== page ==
3 Wonderful Reasons to Celebrate Christmas

Image by  Pia Cerda

Image by Pia Cerda

The Christmas season is a time when we often celebrate family, friends, joy, life, and all the good things we have. There is much for which to be thankful, and appreciation and enjoyment of these things is good. Yet, it is also easy to forget that Jesus came into the world without many of these things.

Jesus was not born into a festive family home ablaze with lights, the aromas of good food, and the joyful sounds of music and festivities. The buildup to his birth didn’t include lights, caroling, or cookie parties. Rather, Jesus came into the world where animals were kept. His earthly father was a carpenter; his mother was a young girl—one who was suspected of having sexual relations before marriage, and not with her husband to be. His first visitors were lowly shepherds and Eastern wise men. And yet, despite the differences, here are three reasons why it is perfectly fitting for us to celebrate Jesus’ birth joyously with overflowing hearts of gratitude:

1. Jesus takes our place before God’s judgment seat.

We all hate being judged by others, especially when our faults, sins, and transgressions are pointed out and we will suffer some hard consequence. Imagine a courtroom setting where God as the judge is passing just judgement on your sins. God is perfectly righteous, good, and just—and we are not. In fact, sin pervades even the nicest things we try to do.

Because God is just he must judge sinners. For our sin we must suffer eternal separation from the goodness of God and only experience his wrath against sin. This is our just condemnation if we try to stand alone and on our own merits before God.

Yet, God is also good, merciful, loving, and kind, and he promised a Savior who would willingly suffer for us in our stead. The righteous Judge sent his only begotten Son to take the punishment that we deserved, so that we could have forgiveness of our sins and a righteous standing before the good Judge.

Jesus willingly undertook this sacrifice because of his love for his Father and his love for us. Thus, we should rejoice exceedingly because the birth of Jesus was a major step toward God’s fulfillment of his promise to send a Savior who would take our place of judgment and give us the righteousness we need to stand blameless before the God of the universe.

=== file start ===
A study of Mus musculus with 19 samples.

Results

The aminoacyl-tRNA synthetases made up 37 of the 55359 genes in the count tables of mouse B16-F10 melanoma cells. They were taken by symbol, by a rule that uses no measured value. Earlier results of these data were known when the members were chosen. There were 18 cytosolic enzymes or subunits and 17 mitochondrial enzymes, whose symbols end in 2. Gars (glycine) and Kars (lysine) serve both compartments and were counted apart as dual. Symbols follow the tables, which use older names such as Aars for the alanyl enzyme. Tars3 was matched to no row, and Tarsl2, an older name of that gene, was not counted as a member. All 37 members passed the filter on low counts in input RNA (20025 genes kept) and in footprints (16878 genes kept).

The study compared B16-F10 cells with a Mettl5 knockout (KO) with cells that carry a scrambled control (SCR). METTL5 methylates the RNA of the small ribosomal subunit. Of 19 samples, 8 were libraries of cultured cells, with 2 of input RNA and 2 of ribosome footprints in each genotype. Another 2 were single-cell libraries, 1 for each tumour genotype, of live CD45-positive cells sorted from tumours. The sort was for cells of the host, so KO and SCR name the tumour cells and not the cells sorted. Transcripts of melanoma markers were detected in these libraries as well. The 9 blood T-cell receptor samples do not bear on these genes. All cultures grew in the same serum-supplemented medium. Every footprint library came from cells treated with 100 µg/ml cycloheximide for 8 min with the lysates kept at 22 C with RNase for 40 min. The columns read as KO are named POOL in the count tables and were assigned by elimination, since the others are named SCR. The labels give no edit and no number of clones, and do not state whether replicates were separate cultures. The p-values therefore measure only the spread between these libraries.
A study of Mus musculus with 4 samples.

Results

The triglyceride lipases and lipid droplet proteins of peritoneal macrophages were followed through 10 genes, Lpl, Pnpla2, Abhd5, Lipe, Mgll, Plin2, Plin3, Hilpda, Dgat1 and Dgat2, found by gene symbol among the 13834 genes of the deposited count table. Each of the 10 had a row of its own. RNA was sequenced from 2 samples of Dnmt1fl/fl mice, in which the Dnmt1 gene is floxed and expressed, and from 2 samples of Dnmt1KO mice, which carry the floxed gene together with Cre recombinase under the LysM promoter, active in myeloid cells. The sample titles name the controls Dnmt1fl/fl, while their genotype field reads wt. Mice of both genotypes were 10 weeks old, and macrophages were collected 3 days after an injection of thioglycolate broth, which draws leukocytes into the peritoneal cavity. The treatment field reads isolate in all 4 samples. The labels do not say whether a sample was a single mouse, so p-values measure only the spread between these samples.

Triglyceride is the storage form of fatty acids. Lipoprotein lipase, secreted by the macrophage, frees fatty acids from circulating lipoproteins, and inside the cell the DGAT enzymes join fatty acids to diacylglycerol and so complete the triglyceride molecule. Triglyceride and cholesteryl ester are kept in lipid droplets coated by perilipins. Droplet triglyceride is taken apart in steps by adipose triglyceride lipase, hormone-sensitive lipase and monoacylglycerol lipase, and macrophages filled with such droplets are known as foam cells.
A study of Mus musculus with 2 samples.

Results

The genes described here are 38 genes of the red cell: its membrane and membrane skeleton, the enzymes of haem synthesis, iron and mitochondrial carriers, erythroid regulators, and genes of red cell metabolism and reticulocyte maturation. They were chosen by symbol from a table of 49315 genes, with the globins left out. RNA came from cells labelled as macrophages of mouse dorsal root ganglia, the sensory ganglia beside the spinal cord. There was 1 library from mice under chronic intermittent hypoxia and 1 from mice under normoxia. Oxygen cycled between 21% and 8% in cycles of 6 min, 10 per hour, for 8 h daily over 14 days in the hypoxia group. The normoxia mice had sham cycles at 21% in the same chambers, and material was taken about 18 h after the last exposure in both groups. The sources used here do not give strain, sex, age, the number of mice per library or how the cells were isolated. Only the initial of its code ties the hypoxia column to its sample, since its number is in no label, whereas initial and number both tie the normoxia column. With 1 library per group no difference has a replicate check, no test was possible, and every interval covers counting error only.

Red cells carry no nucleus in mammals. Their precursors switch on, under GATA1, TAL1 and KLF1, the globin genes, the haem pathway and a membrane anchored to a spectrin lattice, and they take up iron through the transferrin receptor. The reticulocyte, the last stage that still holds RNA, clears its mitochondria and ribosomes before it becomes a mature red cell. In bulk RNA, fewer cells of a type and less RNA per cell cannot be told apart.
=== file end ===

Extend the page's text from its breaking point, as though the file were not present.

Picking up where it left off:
2. Jesus welcomes the forgotten and poor.

I love how Jesus enters the world. He is born into a poor family, and his mother was a young girl who was suspected of fornication. He would grow up in a little unimportant town. His first visitors were shepherds of lowly social class. Jesus himself wasn’t popular, good-looking, or famous. 

God sent Jesus to the broken and lowly. Jesus didn’t appear in palaces to be applauded by the healthy, wealthy, and worldly-wise. He came to those with whom no one else would bother. Such is God’s great love and mercy. He bends down to comfort and build up the weak. He pours a special blessing and honor upon those whom the world would never notice. The birth of Jesus shows that God the Father longs to gather to himself those who are lowly. God cares for even the least and poorest of peoples.

We do not earn a standing before God based on our bank account or social status. No, the Father welcomes the poor and needy. The physically poor, lowly, and outcasts are also a picture of our spiritual state. We are broken, poor, dirty, guilt-ridden sinners, outcasts from God. Jesus came to gather those broken lowly sinners—the dirty ones—to himself and to the Father.

We should celebrate the coming of Jesus because it reminds us that God’s love covers all our sins, making us clean before God and part of his family. Trusting in Jesus Christ as our Savior means we have received the gift of God’s love and a welcome into a forever eternal and loving family. We will never be outcasts again. 

3. Jesus brings light into a dark world.

Light is such an important resource. One of the hardest things about winter is getting up in the dark to go to work and getting out of work when it’s dark again. We miss the glorious light of the sun. The gloom can easily set in. Without light there is no way to chart a clear path—we fumble around in the dark.

Do you remember a time the electricity went out, and you had to search in the dark for matches or a flashlight? Think of the world with no clear knowledge of God, his goodness, mercy, or love. Before Christ came, the darkness of sin was very powerful and overwhelming. Philosophers had theories about morality, goodness, and gods, but the world did not have the Light. The world was fumbling around in the darkness of sin, groping for answers but unable to find the ultimate life-giving truth and light that only come from God. 

In Christ, God sheds his light of salvation upon this world. The Israelites had God’s truth but not its fulfillment. They had a promise—a glimmering—but not the fulfilled reality. When Jesus came, he was the fulfillment of God’s promise to break humanity out of the shackles and darkness of sin and to bring them into the light of the glory and blessing of God.

We can celebrate the coming of Jesus, because in him alone we find the light that frees us from the darkness of sin. We find the light that breaks into the darkness of our lives and hearts, changing and drawing us out of darkness into a relationship with the Light Giver. Praise God for sending a Savior who takes our just judgment upon himself, welcomes the broken, and sheds light into our minds and hearts.